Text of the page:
Friday, May 6, 2011

Research on Acupuncture


Acupuncture is the practice of inserting thin needles into specific body points to improve health and well-being. It originated in China more than 2,000 years ago. American practices of acupuncture use medical traditions from China, Japan, Korea and other countries. In the United States, the best-known type involves putting hair-thin, metallic needles in your skin.

Research has shown that acupuncture reduces nausea and vomiting after surgery and chemotherapy. It can also relieve pain. Researchers don't fully understand how acupuncture works. It might aid the activity of your body's pain-killing chemicals. It also might affect how you release chemicals that regulate blood pressure and flow.
Over the past 10 years, NCCAM has supported extensive research on acupuncture. Studies have looked at its effect on specific health conditions and how it affects the brain and nervous system; the neurological properties of meridians and acupuncture points; and methods for improving the quality of acupuncture research.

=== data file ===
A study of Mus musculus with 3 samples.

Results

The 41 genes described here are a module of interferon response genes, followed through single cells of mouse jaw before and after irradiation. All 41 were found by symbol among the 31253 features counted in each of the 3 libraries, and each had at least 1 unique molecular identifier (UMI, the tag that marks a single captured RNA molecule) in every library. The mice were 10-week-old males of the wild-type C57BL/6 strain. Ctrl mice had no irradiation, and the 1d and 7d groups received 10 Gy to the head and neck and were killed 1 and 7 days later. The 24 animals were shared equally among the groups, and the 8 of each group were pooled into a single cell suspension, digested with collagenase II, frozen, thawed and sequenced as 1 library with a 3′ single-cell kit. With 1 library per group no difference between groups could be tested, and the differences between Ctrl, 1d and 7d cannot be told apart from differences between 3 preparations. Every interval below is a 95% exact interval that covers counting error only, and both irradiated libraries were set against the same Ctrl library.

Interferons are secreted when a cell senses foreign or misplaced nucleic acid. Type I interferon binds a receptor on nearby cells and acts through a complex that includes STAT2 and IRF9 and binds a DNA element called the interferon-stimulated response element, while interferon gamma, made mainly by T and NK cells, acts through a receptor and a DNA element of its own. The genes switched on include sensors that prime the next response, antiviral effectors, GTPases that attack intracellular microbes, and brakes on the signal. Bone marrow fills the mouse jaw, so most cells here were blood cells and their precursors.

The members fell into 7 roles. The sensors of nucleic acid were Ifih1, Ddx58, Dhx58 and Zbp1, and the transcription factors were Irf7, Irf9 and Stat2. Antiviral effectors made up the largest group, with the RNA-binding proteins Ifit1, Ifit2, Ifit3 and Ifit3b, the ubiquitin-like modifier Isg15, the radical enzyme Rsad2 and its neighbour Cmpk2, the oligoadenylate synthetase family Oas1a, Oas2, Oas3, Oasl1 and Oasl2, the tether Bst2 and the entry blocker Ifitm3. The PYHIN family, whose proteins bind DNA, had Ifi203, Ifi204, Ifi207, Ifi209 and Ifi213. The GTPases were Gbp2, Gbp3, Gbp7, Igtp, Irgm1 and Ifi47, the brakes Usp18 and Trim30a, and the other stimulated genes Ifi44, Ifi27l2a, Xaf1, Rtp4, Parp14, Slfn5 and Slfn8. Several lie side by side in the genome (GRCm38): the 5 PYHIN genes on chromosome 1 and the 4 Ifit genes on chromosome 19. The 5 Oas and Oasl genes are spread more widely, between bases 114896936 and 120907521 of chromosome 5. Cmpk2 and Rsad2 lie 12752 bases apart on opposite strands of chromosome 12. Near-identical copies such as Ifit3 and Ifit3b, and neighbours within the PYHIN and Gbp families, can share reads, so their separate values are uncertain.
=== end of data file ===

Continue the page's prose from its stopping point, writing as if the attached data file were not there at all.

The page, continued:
Recent studies have found that acupuncture:
  • Helps alleviate nausea in cancer patients undergoing chemotherapy.
  • Relieves pain and improves function for some people with osteoarthritis of the knee and complements standard medical care.
  • Helps in treating chronic lower back pain.
  • Can be useful in treatment of post-traumatic stress disorder (PTSD) symptoms.
  • May improve pregnancy rates following in vitro fertilization (IVF).
  • May or may not be of value for many other conditions, including irritable bowel syndrome and some neurologic disorders.